Purchasing contractors insurance is simply one of the many responsibilities that contractors face in the course of their business. While it is important to find the best coverage for your operations, it is also important to save as much money as you can.
Understanding what affects the cost of your insurance can help you save money on your contractors insurance policy.
Size of the Business
Large contracting businesses generally require higher amounts of insurance, which in turn costs more in premiums. This doesn’t only to apply to the number of contractors or subcontractors a business may employ, however. If you have a larger client base, you face more risk of lawsuits and other claims.
Types of Coverage
Contractors insurance is an umbrella term for several different types of coverages that can be used by contractors. Some of the coverages you may consider as a contractor include:
- General Liability covers non-professional negligence claims concerning bodily injury, property damage and personal and advertising injury. This covers injuries and damages a third party may face as well as legal expenses the contractor may face.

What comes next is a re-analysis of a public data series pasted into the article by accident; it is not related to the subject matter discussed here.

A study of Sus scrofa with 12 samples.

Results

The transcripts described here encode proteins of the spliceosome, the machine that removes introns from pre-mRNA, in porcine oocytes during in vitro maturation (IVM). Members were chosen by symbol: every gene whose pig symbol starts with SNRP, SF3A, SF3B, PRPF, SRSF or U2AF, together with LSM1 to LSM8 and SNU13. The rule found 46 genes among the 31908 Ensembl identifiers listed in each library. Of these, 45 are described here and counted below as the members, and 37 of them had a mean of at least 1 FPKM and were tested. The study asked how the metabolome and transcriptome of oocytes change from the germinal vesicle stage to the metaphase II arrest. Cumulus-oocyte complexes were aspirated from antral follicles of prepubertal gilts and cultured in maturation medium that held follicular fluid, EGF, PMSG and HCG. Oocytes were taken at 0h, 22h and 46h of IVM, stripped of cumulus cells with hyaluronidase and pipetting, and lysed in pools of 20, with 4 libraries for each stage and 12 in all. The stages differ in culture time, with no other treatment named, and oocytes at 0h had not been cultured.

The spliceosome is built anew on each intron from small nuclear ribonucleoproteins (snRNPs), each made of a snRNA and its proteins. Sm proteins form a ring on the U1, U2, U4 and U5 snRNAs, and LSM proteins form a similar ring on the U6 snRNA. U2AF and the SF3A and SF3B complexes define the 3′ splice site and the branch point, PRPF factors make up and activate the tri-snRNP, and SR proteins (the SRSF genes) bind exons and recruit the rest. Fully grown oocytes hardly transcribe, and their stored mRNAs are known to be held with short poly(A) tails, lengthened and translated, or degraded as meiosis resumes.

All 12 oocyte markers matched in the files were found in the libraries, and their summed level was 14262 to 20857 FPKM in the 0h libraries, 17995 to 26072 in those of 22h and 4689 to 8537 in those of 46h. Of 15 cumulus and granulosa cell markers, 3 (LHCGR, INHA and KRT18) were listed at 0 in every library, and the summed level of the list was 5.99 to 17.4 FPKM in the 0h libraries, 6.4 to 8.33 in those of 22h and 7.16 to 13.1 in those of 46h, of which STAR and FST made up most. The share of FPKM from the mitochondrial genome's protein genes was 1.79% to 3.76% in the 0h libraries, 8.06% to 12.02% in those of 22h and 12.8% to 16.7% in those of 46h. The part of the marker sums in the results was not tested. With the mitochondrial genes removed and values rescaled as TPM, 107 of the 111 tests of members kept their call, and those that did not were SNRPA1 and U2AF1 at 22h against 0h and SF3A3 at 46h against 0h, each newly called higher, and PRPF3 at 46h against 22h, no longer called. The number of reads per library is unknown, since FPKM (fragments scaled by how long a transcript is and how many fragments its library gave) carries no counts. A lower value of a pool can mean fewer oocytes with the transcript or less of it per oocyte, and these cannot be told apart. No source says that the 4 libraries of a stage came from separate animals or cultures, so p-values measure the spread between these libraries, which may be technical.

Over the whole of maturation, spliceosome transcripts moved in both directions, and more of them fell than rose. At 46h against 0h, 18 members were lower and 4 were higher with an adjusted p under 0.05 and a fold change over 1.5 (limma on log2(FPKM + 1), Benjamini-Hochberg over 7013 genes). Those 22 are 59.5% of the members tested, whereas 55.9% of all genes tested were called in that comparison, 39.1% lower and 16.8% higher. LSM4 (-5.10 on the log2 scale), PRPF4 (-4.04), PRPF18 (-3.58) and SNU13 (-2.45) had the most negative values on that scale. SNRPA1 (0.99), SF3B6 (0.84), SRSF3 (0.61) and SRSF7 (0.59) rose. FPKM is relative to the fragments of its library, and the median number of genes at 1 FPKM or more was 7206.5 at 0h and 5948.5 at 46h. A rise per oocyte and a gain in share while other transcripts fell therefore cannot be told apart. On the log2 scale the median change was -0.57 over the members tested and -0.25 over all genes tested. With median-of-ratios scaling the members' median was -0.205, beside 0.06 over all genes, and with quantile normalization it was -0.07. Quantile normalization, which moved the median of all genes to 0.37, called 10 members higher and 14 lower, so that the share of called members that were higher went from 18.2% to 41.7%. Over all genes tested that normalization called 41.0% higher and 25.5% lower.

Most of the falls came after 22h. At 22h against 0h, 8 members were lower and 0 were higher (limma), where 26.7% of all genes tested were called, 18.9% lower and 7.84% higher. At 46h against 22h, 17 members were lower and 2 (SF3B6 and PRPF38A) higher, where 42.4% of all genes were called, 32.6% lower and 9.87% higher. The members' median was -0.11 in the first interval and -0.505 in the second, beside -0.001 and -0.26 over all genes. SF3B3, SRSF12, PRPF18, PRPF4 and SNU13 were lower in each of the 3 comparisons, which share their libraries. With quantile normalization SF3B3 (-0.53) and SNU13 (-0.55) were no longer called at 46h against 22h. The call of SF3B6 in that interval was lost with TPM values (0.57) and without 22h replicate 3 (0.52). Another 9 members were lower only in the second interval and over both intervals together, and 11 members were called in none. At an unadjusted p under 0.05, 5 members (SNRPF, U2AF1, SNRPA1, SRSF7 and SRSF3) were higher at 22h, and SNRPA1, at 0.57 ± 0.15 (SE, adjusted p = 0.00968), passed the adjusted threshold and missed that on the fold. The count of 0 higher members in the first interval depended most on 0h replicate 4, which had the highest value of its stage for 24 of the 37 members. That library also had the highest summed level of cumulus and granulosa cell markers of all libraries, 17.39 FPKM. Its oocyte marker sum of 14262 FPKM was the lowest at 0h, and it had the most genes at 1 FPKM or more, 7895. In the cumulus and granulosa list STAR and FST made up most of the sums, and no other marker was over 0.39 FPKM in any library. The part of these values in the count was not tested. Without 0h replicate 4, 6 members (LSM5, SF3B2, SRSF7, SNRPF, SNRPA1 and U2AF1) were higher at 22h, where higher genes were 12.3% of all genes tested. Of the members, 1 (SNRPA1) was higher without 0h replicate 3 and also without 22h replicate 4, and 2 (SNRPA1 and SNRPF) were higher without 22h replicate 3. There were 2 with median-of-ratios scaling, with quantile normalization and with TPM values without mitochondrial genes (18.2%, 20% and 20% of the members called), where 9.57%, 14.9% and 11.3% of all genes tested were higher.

- Professional Liability covers professional negligent accidents that may cause a client to lose money.
- Commercial Property covers property owned by the contractor such as a physical office and equipment in case of damage caused by fire, wind, hail, lightning, smoke, theft, vandalism and more.
- Commercial Auto Insurance covers vehicles owned or used by a business for work purposes, such as vans or trucks used to transport material and equipment or travel between client locations.
A business or contractor with a history of claims is a sign to an insurer that you are more at risk to file a claim in the future. If you have filed a number of claims in the past, you may face higher premiums. While not all accidents are avoidable, it is important to operate as carefully as possible in order to avoid unnecessary claims.
Credit of the Insured
The credit score of the policyholder (in most cases, the contractor or business owner) can also affect the cost of contractors insurance. Credit scores are considered as an example of how reliable a policyholder will be in paying their insurance premiums in full and on time. If you have a low credit score, you may pay more for contractors insurance. On the other hand, a high credit score can save you money on coverage.